Google has apparently changed their logo over the last weekend. Check out the difference. Oh, can’t see anything? Don’t worry, it’s not your eyesight. You see, the change is so minuscule that most people won’t be able to tell the difference even under close scrutiny. So what is the change?
The second ‘g’ has shifted a whopping one whole pixel to the right, while the ‘l’ has tumbled over one pixel down and one pixel to the right. Absolutely crazy that.
First reported on Reddit, it’s totally amazing that the change even got noticed at all. I cannot begin to imagine how much sleep the designers at Google lost over the two misplaced letters.
I’m neither a web designer nor a font designer. But I care that a webpage should look nice. Part of that requires appropriate layout, use of whitespace, and selection of fonts. I’ve mentioned about fonts in previous posts, and honestly, just this one item is a big topic on its own.
What Google has done with their logo tweaking is something known as kerning. This is a process of adjusting the spacing between individual character forms (glyphs) in a font to achieve a visually pleasing result.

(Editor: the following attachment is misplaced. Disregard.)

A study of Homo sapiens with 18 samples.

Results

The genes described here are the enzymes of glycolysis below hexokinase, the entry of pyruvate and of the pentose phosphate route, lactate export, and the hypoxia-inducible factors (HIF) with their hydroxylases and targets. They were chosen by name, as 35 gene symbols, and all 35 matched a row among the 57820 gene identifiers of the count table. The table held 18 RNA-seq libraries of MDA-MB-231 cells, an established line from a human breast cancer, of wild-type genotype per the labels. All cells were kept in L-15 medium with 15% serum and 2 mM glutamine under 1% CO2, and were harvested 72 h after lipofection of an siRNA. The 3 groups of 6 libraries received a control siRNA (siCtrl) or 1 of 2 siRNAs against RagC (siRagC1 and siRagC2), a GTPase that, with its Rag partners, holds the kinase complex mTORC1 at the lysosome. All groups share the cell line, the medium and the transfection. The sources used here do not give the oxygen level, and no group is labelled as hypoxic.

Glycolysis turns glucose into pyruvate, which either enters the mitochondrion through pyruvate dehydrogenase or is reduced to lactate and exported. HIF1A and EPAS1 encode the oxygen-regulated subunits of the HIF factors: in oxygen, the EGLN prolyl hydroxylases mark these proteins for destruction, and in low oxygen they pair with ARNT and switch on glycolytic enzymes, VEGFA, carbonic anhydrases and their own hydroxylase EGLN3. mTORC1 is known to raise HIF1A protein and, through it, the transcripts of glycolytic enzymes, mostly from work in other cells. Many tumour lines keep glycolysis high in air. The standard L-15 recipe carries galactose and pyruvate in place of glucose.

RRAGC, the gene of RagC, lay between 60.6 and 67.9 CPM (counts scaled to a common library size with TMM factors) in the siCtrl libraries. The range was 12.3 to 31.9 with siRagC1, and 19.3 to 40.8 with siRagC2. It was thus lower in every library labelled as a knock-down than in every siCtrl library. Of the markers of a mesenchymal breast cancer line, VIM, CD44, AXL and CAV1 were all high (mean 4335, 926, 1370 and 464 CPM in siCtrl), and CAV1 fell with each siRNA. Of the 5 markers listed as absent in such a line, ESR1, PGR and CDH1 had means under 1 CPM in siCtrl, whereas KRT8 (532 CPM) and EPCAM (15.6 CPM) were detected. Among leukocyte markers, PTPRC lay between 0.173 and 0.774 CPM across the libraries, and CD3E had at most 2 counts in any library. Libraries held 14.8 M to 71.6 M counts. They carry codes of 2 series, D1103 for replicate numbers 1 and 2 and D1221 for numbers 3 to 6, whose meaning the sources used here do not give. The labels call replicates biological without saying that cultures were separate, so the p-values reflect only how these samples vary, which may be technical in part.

Kerning tweaks are examples of what differentiates good fonts from not-so-good fonts. There’s a good reason for some fonts to cost money. Of course, why some fonts should cost many hundreds of dollars is another matter altogether.
Typography on the web has come of age. It is no longer just a matter of putting pixels on the screen. The attention to detail when it comes to publishing on the web is that much as important as it had been with print.